SBB Cargo develops ‘freight car of the future’
SBB Cargo is bringing to life what it calls the ‘freight car of the future’ – saying it will be quieter, lighter and more powerful than ever before. Working with partners, SBB will this year launch a four-year test phase involving 16 converted cars.
The 5L-Zug comprises the five major improvements that the new goods wagon will bring: quiet, light, robust, logistical, and life-cycle-cost-oriented. Innovative components of this pioneering work include radially adjustable wheel sets in the bogie instead of being permanently mounted. The result is reduced wear & tear and less noise, benefiting not only the traditional freight customers but people living near the railway.
This is complemented by new disc brakes and silencer-equipped wheel sets, resulting in a noise reduction of five to 10 decibels, which is almost twice as low as before. This is reflected by the overwhelming majority of goods wagons currently in service, which are traditionally equipped with composite brake blocks (or ‘K-soles’). SBB says that the freight car of the future will be no louder than a passenger train. Greater efficiency, particularly in the marshalling yards, will also be achieved through the use of automatic couplings.
SBB Cargo has carried out this work in collaboration with Technical Innovation Circle for Rail Freight Services (TIS) and several component manufacturers. The project is supported by the Swiss Federal Office for the Environment (FOEN) and Transport (BAV). The first car is currently being converted and, after approval, it will be deployed in regular operations from the middle of this year. It is designed to achieve a running distance of at least 400,000 kilometres from the middle of 2018.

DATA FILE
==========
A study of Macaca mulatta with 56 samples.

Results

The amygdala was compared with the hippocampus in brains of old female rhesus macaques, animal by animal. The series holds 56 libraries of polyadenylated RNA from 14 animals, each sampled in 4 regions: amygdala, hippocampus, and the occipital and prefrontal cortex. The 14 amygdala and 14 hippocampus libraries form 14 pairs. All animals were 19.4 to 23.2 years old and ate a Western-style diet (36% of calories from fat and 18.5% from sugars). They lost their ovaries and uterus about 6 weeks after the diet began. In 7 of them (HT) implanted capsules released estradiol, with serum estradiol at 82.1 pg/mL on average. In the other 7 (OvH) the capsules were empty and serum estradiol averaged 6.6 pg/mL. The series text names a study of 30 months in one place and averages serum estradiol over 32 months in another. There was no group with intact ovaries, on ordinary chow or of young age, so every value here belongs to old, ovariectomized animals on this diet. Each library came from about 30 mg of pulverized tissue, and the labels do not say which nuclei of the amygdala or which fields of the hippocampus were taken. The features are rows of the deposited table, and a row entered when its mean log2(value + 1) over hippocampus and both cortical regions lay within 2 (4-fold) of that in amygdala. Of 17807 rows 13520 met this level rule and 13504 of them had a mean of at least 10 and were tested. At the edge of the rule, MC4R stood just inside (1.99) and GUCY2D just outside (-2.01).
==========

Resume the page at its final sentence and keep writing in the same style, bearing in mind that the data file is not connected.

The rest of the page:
This new generation of goods wagon builds on SBB’s reputation as one of Europe’s top rail freight innovators, with various projects ongoing to develop the automation of goods. Freight cars are already equipped with features including weighing technology, Radio Frequency Identification (RFID) tagging, temperature monitoring, GPS software, and a power supply for cooling containers throughout the SBB network.
SBB has also rolled out a major new change in how it schedules its freight transport, by introducing a new booking system that minmises impact on the passenger network. It worked for two years to develop a new timetable, which now provides more weekend services and express connections. SBB accounts for around a quarter of all the goods transported in Switzerland by rail and road, with around 1,300 kilometres of track linking the modes.